Bedrooms full of sunlight and scenic views sound idyllic, but once you move in you realize there’s no wall space to hang art and other elements of decor. With a little planning, however, you can add all the personal touches necessary to make your space attractive and comfortable. Aside from simply adding throw pillows and carpet, there are decorating tricks that can help you get the most out of having lots of windows.
Window Treatments - Decorate your Bedroom
Hang two types of window treatments to satisfy functional and aesthetic needs: a thicker light-blocking covering, such as Roman blinds or retractable blackout shades, overlaid with thinner gathered draperies for a decorative, elegant touch. This will block unwanted light while you’re sleeping without sacrificing style. Use wood shutters stained a rich, warm color if you prefer a simpler cottage look.
Hang stained-glass artwork against windows or add a built-in art-glass window panel for a spot of color and texture reminiscent of the Arts and Crafts Movement. To save money, fake the stained-glass look by attaching specially designed vinyl stickers to the window pane.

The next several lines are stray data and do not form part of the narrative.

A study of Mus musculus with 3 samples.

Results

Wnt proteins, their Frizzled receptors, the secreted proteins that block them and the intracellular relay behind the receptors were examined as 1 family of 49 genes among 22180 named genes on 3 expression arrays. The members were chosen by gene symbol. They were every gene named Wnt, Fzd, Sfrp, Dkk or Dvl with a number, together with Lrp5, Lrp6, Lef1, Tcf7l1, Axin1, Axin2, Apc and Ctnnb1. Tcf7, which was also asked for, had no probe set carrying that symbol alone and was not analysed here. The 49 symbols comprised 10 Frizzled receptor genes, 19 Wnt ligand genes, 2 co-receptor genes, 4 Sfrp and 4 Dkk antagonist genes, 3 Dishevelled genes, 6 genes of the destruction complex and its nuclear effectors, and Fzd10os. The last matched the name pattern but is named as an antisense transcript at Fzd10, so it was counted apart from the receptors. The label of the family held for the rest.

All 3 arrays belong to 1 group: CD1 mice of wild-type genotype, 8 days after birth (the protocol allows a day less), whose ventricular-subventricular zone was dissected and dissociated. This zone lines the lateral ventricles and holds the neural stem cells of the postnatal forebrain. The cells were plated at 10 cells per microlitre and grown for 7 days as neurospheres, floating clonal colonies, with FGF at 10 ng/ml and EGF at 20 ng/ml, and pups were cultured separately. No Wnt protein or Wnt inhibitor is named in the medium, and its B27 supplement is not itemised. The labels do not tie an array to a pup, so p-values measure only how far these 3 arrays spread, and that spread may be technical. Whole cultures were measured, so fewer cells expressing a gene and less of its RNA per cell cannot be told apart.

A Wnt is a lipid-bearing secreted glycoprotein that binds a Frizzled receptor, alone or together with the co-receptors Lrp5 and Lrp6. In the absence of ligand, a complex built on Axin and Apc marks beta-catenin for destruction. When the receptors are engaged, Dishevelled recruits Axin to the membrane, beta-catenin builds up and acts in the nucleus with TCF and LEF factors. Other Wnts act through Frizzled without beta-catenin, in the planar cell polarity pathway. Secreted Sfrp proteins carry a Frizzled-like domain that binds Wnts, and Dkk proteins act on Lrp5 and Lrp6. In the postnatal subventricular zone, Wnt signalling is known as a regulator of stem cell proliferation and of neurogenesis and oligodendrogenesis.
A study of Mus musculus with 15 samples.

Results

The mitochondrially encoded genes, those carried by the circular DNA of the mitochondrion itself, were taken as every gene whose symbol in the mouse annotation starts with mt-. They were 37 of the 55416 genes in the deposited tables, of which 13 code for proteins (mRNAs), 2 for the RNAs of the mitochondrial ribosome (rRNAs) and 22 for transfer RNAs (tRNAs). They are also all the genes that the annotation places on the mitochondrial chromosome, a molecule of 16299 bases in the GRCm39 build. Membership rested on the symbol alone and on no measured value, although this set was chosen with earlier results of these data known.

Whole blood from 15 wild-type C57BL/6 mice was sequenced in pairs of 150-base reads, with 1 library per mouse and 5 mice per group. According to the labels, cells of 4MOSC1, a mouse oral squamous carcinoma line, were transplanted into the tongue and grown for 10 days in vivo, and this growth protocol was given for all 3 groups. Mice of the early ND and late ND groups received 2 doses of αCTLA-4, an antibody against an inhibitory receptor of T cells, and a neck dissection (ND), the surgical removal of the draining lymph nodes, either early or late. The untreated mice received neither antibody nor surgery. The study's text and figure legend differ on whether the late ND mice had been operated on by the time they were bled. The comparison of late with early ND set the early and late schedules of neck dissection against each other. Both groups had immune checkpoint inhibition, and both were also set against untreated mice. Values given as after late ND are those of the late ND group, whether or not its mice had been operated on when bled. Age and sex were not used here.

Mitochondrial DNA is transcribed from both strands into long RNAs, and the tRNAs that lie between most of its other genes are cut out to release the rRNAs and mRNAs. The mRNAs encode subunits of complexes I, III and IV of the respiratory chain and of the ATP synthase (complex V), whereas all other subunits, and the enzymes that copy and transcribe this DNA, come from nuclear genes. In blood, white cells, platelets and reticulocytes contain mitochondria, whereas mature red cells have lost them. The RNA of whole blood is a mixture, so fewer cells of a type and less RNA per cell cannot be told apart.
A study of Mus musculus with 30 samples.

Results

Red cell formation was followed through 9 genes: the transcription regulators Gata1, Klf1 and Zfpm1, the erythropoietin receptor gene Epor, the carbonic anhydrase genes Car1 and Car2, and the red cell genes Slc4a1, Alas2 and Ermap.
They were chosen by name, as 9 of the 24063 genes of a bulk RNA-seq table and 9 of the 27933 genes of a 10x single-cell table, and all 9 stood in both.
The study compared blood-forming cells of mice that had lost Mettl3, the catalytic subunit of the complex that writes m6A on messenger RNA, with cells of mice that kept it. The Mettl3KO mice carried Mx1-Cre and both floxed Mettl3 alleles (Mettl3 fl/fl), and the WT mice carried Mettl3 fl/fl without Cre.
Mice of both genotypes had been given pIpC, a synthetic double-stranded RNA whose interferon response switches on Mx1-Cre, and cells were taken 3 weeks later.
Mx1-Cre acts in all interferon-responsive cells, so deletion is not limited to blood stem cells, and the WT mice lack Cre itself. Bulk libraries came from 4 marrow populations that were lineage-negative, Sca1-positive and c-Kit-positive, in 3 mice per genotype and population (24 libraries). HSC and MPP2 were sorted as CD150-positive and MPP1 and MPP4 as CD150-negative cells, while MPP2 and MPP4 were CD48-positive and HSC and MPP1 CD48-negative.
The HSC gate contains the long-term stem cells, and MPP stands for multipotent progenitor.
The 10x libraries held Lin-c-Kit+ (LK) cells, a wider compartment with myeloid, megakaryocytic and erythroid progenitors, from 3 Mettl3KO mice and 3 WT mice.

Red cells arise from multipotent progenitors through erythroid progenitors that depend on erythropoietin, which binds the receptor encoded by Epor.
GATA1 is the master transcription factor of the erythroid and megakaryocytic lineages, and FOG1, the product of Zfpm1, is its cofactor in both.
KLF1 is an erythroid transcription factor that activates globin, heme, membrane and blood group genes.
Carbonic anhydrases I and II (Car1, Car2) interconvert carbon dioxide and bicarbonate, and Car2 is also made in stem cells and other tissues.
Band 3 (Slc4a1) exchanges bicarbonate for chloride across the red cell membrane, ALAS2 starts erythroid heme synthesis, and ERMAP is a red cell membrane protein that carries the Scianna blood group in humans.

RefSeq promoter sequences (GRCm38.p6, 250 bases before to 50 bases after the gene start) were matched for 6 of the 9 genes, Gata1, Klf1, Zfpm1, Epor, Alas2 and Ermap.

Wall Treatments - How to Decorate it
Paint the walls in a bold color or apply wallpaper with bold colors or prints. While this might overwhelm a room with more wall space, a small amount can add a vibrant touch. In a room with lots of windows, you can use darker colors that would make a room with less light appear dim and gloomy.
Use table or floor lamps and free-standing mirrors instead of wall-mounted versions. Pick oval mirrors, which don’t block light and views as much as rectangular ones. When shopping for paintings and other wall-mounted decor, look for small pieces that can fit in the space between windows.
Display larger artwork on easels or tabletop stands. Placing tall furniture in front of windows would obstruct light and views and make the space feel awkward, so find low, wide dressers, side tables and bookcases that fit below your windows. Place small, decorative objects or framed artwork on the surface of low furnishings and deep windowsills. Using lower surfaces means you can decorate with taller items, such as sculptures or vases, without obstructing views.